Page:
Jul 30, 2006

ESR Presents: The Indoor Drive-In



Well finally, after spending a long time thinking about, I've started what I hope to be the monthly "theatrical" equivalent to ESR. The last Thursday of the month, you can now see The Eclectic Screening Room unspooling offbeat and interesting films at Centre for the Arts. Located at 263 Adelaide St. W., Suite 513, just east of John St., and about two blocks west of University, it is a cool little space, where the big studio room is used for the screening, and I have use of the lobby area as well to merchandise and sell refreshments.

The first screening, as you can see above, was the "indoor drive-in" festival, in which I first showed a lovely documentary DRIVE IN MOVIE MEMORIES, made in 2001. It is an hour-long feature giving an entertaining history of the drive-in from the 30's to present day, with lots of great nostalgia clips, and trailers, capturing the essence of the drive-in experience in its day. It also features interviews with Leonard Maltin, Beverly Garland, Sam Arkoff (I believe, filmed not long before he died), Celeste Yarnall and Robert Fuller, among others. Then I followed up with DAUGHTER OF HORROR, a mini-favourite of mine-- a completely mind-warping flick from 1955. It was first released in 1953 with the (far more accurate) title DEMENTIA-- with no onscreen dialogue, just music and ambient sounds on the audio. Then it was re-released with the title DAUGHTER OF HORROR, featuring narration by some guy named Ed McMahon!!! Although I prefer the earlier version, I screened the latter since it was public domain.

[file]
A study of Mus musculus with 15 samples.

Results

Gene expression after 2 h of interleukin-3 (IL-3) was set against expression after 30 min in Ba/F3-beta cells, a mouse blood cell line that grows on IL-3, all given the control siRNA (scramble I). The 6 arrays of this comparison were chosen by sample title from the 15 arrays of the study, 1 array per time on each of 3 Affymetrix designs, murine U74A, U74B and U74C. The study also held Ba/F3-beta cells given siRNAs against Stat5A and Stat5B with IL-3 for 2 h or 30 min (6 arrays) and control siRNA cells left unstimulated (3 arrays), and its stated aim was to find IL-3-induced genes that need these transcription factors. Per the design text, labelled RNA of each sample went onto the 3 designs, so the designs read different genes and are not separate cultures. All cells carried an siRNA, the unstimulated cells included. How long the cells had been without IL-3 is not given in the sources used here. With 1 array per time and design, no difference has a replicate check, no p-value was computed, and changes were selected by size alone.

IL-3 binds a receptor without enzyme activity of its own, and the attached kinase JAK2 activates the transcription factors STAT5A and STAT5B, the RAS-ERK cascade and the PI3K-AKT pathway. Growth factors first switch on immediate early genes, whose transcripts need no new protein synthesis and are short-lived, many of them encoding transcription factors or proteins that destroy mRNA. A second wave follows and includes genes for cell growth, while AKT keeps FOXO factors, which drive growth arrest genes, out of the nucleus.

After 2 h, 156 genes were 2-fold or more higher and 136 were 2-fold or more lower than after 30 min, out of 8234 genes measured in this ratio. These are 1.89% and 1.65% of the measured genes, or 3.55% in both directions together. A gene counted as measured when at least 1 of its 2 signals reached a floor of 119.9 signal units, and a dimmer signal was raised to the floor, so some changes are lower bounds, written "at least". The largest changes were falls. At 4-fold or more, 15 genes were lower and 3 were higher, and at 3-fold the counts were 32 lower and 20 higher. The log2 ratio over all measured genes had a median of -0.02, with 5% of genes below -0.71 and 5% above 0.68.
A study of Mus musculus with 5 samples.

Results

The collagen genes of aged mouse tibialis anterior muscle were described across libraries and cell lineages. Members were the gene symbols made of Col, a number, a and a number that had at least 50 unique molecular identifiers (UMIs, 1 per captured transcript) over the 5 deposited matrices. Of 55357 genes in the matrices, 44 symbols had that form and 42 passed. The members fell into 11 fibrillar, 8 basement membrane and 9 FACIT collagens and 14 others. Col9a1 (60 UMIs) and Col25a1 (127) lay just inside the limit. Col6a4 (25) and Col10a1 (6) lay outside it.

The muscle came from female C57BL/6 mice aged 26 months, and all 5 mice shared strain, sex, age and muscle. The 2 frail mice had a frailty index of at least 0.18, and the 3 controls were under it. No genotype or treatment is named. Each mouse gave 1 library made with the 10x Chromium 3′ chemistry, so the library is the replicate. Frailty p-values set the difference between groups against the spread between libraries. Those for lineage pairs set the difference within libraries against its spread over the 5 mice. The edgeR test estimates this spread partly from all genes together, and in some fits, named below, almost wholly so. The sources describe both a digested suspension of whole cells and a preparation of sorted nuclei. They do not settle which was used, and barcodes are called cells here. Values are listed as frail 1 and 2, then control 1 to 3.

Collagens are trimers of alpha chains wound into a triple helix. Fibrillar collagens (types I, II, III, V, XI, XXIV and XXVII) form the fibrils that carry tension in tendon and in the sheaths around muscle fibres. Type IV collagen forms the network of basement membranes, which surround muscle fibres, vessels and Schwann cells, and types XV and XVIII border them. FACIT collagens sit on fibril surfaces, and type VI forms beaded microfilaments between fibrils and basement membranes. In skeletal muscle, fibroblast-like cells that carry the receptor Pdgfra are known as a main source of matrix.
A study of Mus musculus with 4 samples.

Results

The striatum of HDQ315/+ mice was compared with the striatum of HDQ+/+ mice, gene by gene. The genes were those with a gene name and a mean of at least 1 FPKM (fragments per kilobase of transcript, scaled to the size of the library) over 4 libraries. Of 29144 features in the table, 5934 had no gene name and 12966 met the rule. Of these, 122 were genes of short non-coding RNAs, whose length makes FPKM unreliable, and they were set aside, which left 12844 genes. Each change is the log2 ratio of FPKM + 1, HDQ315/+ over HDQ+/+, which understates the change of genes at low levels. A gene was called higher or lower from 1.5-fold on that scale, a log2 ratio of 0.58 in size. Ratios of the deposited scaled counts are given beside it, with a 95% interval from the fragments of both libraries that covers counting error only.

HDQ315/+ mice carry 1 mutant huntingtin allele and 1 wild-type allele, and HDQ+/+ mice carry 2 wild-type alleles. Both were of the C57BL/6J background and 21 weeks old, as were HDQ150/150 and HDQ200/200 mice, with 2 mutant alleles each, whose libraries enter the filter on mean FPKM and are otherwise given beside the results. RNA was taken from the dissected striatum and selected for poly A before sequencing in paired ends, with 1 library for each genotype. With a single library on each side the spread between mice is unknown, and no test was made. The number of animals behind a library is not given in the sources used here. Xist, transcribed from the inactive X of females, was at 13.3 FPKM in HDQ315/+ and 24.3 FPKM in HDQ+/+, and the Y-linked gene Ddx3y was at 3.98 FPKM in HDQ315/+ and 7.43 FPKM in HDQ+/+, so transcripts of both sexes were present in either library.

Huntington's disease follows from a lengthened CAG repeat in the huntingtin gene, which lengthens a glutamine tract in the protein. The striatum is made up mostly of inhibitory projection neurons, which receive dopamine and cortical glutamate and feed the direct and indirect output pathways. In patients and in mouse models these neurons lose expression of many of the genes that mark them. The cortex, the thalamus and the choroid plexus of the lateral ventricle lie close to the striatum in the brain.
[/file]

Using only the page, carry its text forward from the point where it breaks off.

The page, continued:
Our audience attendance was about a dozen customers. Not great, but I am rather glad I had a small crowd for the first screening. Since I was still working out the technical bugs right up till the first customers arrived, and still getting into the groove of running the gear (the switcher and what not), it just seemed best to do so with a group that was intimate enough which practically encouraged a "one on one" feeling. In that regard, the night almost felt like a friendly gathering as opposed to a clinical screening. Half of the audience was comprised of a meetup group entitled "We Don't Do Mainstream Film"-- somehow someone received notice of my screening at the last minute and posted it on the list. For that I am grateful. My friend Mike Ritz showed up, as did Will Sloan (who had contributed to the STILL in progress Roger Corman issue). Plus I was happy to see Chris Mitchell and Maria show up for the second film. The response to the films was polite, and it was a beginning.

As with any first-time screening at a venue, it was a trial by fire. But I learned a whole lot, and already have ways of making the next one better and smoother. End of August is Educational Film Night, or if you like, "ESR's Back To School Special". Hope to see you there.